Since the University of Texas at Austin (UT Austin) first opened its doors in 1883, the school has grown to employ more than 3,000 professors, enroll 51,000 students, and has garnered an impressive global reputation. UT Austin has a 135-year history of sustainability and takes pride in its pursuit of sustainable energy solutions. As the university grows, it continues to seek out innovative technologies that offer the optimal solution for both new buildings and retrofits.
Throughout the years, there were countless initiatives to reduce UT Austin’s environmental impact. The Carl J. Eckhardt Combined Heating and Power Complex was built to provide energy for the campus and decrease the load on the city’s power grid. This power plant has achieved an efficiency of more than 85% — twice that of a typical power plant.
Ongoing advancements have allowed the system to use the same amount of fuel today as in 1976 while doubling the amount of served space. Because optimal energy production efficiency had been achieved, annual savings opportunities have shifted to the demand side. In 2010, the energy management & optimization (EMO) team at the University of Texas at Austin began a 20-year plan to reduce average energy use intensity (EUI) on the main campus by 20%.
After this goal was met early in 2018, a new annual goal was set to reduce energy use by 2%. This reduction in energy consumption has been taking place even while the university continues to grow. Recently, UT Austin converted an old technology incubator facility with dense equipment cooling loads — known as the West Pickle Research Center — into new office space for faculty. Because the offices do not require as much cooling as the lab, the two constant-speed, oil-lubricated centrifugal chillers that had previously supported the building were no longer appropriate.
There was a 650-ton (2,285-kW) chiller that provided too much cooling and a 200-ton (703 kW) unit that did not provide enough. The chillers were installed in 1983 and ran on R-11, an ozone-depleting refrigerant that is now banned for use in new equipment via the Montreal Protocol. The chillers were past due for an upgrade and operating them wasted a lot of energy.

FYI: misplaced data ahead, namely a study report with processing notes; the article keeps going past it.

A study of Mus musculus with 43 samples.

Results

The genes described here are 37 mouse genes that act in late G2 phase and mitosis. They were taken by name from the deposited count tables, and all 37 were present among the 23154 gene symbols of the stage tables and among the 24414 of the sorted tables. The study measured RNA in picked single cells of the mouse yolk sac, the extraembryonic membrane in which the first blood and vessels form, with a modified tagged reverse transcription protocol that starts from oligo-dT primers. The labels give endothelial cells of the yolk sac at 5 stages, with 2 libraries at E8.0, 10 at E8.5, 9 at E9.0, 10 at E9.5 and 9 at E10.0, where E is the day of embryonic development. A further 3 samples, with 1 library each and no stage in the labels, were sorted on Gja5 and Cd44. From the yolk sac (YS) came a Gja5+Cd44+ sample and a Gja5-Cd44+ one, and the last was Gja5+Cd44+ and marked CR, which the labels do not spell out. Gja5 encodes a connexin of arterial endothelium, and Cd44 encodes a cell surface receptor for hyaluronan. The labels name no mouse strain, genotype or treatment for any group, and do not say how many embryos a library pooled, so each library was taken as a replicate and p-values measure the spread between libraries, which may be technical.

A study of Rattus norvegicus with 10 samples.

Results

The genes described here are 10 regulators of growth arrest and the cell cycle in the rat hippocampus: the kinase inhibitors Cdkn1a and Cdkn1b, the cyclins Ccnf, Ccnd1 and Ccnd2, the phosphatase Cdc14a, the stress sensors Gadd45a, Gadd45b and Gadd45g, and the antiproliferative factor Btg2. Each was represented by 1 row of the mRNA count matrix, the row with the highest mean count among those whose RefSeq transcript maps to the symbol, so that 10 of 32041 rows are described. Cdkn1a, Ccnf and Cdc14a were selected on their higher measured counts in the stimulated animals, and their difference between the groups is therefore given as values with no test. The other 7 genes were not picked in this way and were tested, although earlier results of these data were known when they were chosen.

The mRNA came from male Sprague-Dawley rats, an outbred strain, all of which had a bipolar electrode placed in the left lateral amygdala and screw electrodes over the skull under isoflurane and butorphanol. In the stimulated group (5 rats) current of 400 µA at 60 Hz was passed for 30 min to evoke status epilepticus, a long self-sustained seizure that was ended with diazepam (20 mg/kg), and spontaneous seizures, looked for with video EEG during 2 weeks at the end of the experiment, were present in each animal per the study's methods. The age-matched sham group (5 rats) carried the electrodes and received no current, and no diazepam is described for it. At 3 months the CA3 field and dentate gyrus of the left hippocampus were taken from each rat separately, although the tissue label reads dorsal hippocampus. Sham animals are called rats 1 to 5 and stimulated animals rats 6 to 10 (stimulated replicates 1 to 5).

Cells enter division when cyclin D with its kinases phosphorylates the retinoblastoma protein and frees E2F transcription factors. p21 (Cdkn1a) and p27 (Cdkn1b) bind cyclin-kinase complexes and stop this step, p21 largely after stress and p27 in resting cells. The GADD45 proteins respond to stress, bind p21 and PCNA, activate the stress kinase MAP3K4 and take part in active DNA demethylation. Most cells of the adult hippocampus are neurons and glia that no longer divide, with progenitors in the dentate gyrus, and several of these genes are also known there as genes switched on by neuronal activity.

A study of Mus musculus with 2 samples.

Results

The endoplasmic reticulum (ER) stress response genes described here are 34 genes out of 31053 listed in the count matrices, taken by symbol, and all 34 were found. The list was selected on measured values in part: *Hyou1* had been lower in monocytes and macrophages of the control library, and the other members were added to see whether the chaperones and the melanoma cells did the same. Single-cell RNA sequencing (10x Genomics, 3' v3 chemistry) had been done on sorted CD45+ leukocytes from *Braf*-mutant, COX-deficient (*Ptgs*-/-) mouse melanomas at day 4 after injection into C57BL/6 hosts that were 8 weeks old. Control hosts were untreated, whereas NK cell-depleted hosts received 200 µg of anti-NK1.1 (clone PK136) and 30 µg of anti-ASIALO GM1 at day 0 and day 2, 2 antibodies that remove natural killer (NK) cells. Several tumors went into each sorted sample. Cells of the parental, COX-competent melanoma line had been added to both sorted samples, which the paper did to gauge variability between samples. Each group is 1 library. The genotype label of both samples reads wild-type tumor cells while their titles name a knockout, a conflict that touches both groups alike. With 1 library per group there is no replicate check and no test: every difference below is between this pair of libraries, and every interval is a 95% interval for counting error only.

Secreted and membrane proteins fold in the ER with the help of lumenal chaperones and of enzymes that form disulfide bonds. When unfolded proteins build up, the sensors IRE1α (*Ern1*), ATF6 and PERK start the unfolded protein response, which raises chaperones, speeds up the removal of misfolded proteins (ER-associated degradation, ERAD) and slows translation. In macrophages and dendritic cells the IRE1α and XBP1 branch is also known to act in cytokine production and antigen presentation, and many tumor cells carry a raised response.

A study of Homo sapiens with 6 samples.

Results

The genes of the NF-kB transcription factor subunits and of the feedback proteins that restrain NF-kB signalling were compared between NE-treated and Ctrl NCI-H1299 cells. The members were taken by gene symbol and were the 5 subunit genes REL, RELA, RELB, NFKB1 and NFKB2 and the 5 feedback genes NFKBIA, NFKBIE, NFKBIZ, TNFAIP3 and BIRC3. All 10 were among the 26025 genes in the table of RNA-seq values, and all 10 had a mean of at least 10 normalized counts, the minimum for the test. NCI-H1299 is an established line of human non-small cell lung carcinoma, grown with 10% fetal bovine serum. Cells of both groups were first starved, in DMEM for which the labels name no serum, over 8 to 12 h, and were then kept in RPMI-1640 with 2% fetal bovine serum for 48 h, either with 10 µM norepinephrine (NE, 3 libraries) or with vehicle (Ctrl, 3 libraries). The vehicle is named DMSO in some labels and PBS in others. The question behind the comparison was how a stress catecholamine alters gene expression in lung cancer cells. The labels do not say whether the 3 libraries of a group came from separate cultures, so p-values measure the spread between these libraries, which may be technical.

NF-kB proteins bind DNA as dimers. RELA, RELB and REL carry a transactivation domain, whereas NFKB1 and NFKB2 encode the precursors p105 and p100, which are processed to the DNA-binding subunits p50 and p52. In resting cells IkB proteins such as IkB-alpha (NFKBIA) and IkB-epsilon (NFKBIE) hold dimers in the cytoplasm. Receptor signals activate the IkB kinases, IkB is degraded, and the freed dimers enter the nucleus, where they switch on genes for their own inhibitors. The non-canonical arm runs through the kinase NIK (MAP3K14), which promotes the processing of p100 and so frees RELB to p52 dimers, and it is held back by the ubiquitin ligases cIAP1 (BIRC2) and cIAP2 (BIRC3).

UT Austin replaced the two older chillers in the Pickle Research Center with a 300-ton YORK® YZ Magnetic Bearing Centrifugal Chiller. Installed in 2018, the chiller offers a perfect middle ground between the two previous chillers and was fondly nicknamed the “Goldilocks chiller” because it was just the right size for the new building load.
“We used to have to hold the entering condenser water temperature at 65ºF to run our chillers during the winter months,” said Juan Ontiveros, associate vice president, utilities, energy and facilities management at UT Austin. “The YZ Chiller is able to take advantage of our entering condenser water temperatures down to 45º, greatly reducing the energy consumption.”
Flexible control options offered by the variable speed drive can meet a shifting building load, helping curb unnecessary energy consumption. Additionally, the magnetic bearing technology in the YORK YZ significantly increased reliability while decreasing downtime and maintenance requirements.
After installing the YZ Chiller, UT Austin realized an estimated 330,000 kWh or $23,000 in annual savings. The high efficiency of the YZ makes an appreciable difference in energy costs over the year compared to the old chillers previously in the building.
One of the reasons the YZ chiller can save energy throughout the year is its ability to run at exceptionally low tower water temperatures thanks to its wide operating map. Utilizing magnetic bearings eliminates minimum speeds and lubrication systems that previously limited chillers from operating at extra-low lift conditions.
The YZ is designed for real-world efficiency and operates efficiently at off-design conditions — where most chillers operate 98% of the time. Even in a warmer climate like Austin, there are still plenty of hours where the temperature is cool enough to take advantage of lower entering condenser water temperatures. Since the chiller has been in operation, exceptional efficiencies as low as 0.15 kW/ton (23 COP) have been observed.
Because the YORK YZ Chiller can easily integrate into any building setting and run efficiently, UT Austin saw immediate results. In this retrofit to an old lab facility, an immediate efficiency improvement of 15% over UT Austin’s other fully optimized plants was realized soon after starting up the chiller.